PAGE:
Happy-for-now endings in the oddest places

We attended two more Boston Early Music Festival concerts this week: the Bach Organ mini-festival and Saturday night chamber opera, which combined two of Charpentier’s pieces, La Couronne de Fleurs and La Descente d’Orphée aux Enfers.

 

The two pieces were written separately, but for this performance, the directors combined them. La Couronne de Fleurs depicts the goddess Flora holding a contest to see which shepherd can sing the most fulsome aria in praise of King Louis XIV. The winner gets the titular crown of flowers. The shepherds and shepherdesses sing until Pan interrupts to tell them mere shepherds aren’t up to the task of praising someone as wonderful as the king. Flora says that’s all right, at least they tried, and divides the flowers among the whole group.

The Orpheus play is two short acts and follows the usual plot: Orpheus and Euridice are about to get married. A snake bites her and she dies. Orpheus is going to kill himself but Apollo persuades him to talk to Pluto instead. In the second act, he arrives in hell, sings sweetly, and persuades Pluto in a lovely dramatic musical back-and-forth. When last seen, Orpheus is heading back to the light with Euridice behind him, hand on his shoulder.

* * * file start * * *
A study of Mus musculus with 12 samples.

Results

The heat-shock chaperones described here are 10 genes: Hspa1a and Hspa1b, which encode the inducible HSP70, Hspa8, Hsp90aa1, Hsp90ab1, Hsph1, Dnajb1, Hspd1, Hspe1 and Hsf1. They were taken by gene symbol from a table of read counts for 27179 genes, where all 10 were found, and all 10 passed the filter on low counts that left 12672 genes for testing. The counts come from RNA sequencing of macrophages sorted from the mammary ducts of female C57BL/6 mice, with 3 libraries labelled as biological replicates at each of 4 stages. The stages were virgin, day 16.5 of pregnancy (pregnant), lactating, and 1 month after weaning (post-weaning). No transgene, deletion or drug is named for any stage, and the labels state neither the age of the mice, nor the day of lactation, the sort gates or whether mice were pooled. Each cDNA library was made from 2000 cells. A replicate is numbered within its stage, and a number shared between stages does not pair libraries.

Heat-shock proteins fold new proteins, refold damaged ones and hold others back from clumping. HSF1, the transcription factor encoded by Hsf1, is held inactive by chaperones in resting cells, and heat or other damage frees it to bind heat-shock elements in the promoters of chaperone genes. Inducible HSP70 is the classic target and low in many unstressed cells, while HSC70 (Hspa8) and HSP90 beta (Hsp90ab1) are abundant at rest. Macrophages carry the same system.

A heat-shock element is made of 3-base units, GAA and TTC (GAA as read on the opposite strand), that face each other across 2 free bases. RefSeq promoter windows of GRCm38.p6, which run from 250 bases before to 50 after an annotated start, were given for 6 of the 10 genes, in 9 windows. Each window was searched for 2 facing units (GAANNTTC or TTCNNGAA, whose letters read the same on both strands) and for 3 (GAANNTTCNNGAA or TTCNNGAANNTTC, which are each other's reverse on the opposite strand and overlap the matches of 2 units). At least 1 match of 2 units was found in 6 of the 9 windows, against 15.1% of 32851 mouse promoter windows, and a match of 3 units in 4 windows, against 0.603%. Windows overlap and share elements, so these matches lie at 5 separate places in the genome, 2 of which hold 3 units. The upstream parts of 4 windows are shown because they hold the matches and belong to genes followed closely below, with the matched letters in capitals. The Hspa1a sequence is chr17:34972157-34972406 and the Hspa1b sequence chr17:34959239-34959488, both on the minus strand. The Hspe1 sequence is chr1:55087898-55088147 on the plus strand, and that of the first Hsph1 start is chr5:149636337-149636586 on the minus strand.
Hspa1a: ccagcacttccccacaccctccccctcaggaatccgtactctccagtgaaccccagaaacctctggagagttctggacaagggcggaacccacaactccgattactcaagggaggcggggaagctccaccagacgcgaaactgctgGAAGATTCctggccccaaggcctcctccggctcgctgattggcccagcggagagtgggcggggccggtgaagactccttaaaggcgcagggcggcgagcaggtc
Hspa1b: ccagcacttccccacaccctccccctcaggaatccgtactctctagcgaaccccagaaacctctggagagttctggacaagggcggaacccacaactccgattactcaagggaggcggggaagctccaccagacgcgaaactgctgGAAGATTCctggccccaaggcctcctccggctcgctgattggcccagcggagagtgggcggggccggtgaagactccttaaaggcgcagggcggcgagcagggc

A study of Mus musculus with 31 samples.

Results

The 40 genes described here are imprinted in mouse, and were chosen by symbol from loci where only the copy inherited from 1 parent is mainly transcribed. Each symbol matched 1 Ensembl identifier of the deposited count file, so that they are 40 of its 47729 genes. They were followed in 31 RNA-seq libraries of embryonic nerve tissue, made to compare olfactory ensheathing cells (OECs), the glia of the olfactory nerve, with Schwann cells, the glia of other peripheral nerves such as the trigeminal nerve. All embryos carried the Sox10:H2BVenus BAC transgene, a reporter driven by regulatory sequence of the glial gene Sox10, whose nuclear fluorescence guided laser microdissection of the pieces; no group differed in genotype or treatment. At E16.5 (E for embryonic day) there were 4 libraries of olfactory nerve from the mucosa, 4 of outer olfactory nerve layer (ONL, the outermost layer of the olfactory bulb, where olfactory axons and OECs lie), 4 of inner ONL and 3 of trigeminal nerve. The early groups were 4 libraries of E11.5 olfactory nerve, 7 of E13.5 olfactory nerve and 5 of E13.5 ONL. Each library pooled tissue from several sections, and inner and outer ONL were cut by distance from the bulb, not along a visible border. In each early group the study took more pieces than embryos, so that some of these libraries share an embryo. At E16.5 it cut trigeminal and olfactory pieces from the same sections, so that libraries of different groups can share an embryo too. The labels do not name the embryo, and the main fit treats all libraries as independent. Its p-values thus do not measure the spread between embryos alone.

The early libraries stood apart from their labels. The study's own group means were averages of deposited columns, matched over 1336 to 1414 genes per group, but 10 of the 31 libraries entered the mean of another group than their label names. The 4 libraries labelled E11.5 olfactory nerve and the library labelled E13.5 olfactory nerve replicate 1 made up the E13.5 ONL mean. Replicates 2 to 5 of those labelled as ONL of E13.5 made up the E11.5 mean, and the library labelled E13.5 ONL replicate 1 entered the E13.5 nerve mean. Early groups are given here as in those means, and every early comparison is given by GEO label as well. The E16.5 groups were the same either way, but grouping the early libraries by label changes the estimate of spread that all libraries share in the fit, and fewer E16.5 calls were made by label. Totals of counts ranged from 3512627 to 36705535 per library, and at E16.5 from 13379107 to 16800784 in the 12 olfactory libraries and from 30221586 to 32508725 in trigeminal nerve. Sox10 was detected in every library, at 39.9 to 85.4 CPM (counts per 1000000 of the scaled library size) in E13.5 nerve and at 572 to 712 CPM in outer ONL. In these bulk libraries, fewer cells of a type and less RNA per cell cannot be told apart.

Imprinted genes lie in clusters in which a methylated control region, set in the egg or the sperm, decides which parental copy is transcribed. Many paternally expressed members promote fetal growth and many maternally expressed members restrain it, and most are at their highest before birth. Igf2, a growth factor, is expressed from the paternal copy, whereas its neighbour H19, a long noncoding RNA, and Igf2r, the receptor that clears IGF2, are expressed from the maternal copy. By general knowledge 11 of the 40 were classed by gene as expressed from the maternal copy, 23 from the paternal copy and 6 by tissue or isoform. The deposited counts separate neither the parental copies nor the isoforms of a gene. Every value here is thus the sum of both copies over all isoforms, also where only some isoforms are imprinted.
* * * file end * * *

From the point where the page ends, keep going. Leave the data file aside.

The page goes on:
The director and producer decided to combine the two by inserting the “incomplete” Orpheus and Euridice story as the last of the shepherds’ arias (and an inside joke when the performance is interrupted by Lully, not Pan). I thought it sounded hokey, but it had the effect of giving the tragedy of Orpheus and Euridice a happy-for-now ending. On the one hand, you know she’s going to stumble he’s going to look around and he loses her forever, but you don’t have to watch it and you can believe that this time maybe they make it out okay.


  1. I don’t get the inside joke, but it sounds like a wonderful performance. 🙂

    • I don’t understand it myself, but the audience laughed heartily. Apparently Lully, a favorite of the king, held a position that gave him the right to terminate any operatic performance he didn’t like.